Report: Garnett seems inclined to return to T-wolves next season
Kevin Garnett has been around forever. So, what's another year?
Garnett, who was drafted all the way back in 1995, has been said to be considering returning for a 21st NBA season. Now, ESPN's Marc Stein has a little more solid proof of that:
This isn't the first time we've heard of Garnett's potential return in 2015-16. After the Timberwolves acquired him from the Nets before February's trade deadline, reports came out everywhere saying this wasn't just a one-year rental for the Timberwolves. Flip Saunders and Co. wanted him back for at least another season.
The following is from an ESPN story written almost two months ago on Feb. 19:
As the deal started to take shape, some envisioned Garnett, 38, coming back for a final two-month swan song before retiring this summer. But the Wolves hope to sign him to a new two-year deal when his contract expires, according to a person with knowledge of the team's thinking. The person requested anonymity because both sides have yet to discuss the parameters of a deal and won't do so until he becomes a free agent July 1.
Wolves players would certainly benefit from K.G.'s presence, perhaps none more so than rookie Andrew Wiggins. A young, up-and-coming superstar can always use a solid, veteran presence to teach him the ways around an NBA lifestyle, and who better than Garnett to do that?
But mentorship isn't the only reason the T-wolves brought in K.G. There's the nostalgia aspect, of course, when the longtime face of the franchise returns home, but let's also acknowledge the role that money played in the move. Sure, Minny is paying the two-decade vet exhorbitantly for the rest of this season (he's on the final year of a $12 million-a-year deal), but it's also making tons of money off memorabilia, shirts, pictures, photos, tickets, everything.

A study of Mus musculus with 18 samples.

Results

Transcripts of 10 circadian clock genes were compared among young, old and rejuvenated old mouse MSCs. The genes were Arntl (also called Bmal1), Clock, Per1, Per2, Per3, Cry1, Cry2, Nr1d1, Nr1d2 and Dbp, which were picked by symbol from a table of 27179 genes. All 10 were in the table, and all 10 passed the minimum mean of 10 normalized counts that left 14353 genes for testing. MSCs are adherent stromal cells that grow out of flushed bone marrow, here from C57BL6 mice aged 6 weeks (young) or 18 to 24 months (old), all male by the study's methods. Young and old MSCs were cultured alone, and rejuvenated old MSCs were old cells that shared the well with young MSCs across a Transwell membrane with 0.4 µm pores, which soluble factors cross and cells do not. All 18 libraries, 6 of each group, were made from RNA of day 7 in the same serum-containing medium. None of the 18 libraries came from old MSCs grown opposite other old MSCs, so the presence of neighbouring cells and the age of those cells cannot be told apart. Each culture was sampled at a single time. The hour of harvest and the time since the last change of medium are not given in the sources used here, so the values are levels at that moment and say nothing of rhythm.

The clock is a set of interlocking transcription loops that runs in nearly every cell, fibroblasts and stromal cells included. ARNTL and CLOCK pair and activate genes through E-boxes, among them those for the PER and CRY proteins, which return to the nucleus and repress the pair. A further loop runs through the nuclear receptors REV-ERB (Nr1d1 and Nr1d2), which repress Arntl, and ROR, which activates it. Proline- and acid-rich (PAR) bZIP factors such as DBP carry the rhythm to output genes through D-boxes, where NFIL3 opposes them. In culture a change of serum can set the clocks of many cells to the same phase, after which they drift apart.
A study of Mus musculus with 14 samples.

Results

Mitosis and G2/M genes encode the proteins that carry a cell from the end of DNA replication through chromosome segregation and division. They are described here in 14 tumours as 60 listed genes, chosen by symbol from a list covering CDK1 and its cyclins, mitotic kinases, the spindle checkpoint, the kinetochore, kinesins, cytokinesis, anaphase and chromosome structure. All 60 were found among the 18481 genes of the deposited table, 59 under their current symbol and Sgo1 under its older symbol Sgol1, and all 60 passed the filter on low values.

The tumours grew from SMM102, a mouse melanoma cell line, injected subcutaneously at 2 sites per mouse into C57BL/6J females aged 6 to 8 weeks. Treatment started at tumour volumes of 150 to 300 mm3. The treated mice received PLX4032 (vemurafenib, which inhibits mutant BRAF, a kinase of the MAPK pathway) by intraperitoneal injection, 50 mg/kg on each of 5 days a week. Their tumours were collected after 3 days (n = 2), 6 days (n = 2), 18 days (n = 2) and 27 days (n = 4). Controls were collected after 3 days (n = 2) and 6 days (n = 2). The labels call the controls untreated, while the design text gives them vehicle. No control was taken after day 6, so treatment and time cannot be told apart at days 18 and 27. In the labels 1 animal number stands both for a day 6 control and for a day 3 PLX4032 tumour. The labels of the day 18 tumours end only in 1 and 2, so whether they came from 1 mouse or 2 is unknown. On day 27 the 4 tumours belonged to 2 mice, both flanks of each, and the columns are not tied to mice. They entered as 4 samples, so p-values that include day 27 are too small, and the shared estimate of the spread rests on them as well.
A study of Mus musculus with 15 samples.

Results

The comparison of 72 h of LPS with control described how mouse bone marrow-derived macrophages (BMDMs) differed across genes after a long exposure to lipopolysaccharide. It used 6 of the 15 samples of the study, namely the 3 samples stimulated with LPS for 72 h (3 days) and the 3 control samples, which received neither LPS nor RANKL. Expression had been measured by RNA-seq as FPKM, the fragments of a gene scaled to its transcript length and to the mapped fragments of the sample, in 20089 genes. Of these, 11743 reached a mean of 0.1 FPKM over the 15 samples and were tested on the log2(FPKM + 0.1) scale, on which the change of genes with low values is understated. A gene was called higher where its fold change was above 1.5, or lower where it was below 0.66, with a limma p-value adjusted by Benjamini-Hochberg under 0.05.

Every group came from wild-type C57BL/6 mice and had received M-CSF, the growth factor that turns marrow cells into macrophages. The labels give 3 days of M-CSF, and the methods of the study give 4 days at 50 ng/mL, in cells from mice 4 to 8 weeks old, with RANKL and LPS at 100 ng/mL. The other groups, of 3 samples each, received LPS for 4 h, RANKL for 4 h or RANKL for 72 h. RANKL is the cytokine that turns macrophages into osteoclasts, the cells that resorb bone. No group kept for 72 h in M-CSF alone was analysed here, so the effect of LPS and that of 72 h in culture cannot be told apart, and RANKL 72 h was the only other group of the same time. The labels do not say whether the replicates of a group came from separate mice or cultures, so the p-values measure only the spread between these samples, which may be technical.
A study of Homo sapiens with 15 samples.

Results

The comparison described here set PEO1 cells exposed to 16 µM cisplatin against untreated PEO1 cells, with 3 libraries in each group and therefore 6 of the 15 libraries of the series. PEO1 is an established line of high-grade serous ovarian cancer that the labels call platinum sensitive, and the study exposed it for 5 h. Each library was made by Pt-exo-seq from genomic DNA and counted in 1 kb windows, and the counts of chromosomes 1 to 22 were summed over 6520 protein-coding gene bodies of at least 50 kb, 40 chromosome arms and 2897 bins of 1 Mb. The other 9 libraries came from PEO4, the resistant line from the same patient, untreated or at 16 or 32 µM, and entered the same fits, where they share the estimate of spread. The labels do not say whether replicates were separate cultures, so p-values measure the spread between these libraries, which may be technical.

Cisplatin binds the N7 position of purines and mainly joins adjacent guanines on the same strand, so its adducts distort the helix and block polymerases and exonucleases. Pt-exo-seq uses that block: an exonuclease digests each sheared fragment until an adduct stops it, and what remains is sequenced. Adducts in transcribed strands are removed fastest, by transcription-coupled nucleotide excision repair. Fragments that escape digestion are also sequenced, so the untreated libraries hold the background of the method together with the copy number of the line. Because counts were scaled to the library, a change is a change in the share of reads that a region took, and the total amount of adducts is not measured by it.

Wolves management has even admitted such (h/t to Aaliyah Kellogg of Sports Illustrated):
But one thing is for sure: KG’s return has brought more fans out to games at the Target Center.
“Our attendance in the five games since KG arrived is averaging 18,131. Our attendance in the first 27 games averaged 13,660,” says Brad Ruiter, Vice President of Communications for the Minnesota Timberwolves. That represents a 33 percent increase. “We have had three sellouts in our last five home games after having just one the entire 2013-14 season.”
Don't pretend like the Timberwolves were unaware this was going to happen. They're making money off Garnett's presence, and when you're losing game after game after game, the least you can do is reel in some extra cash while doing so. If they get at least one more year of K.G., which seems possible, they have to be excited merely about the financial ramifications.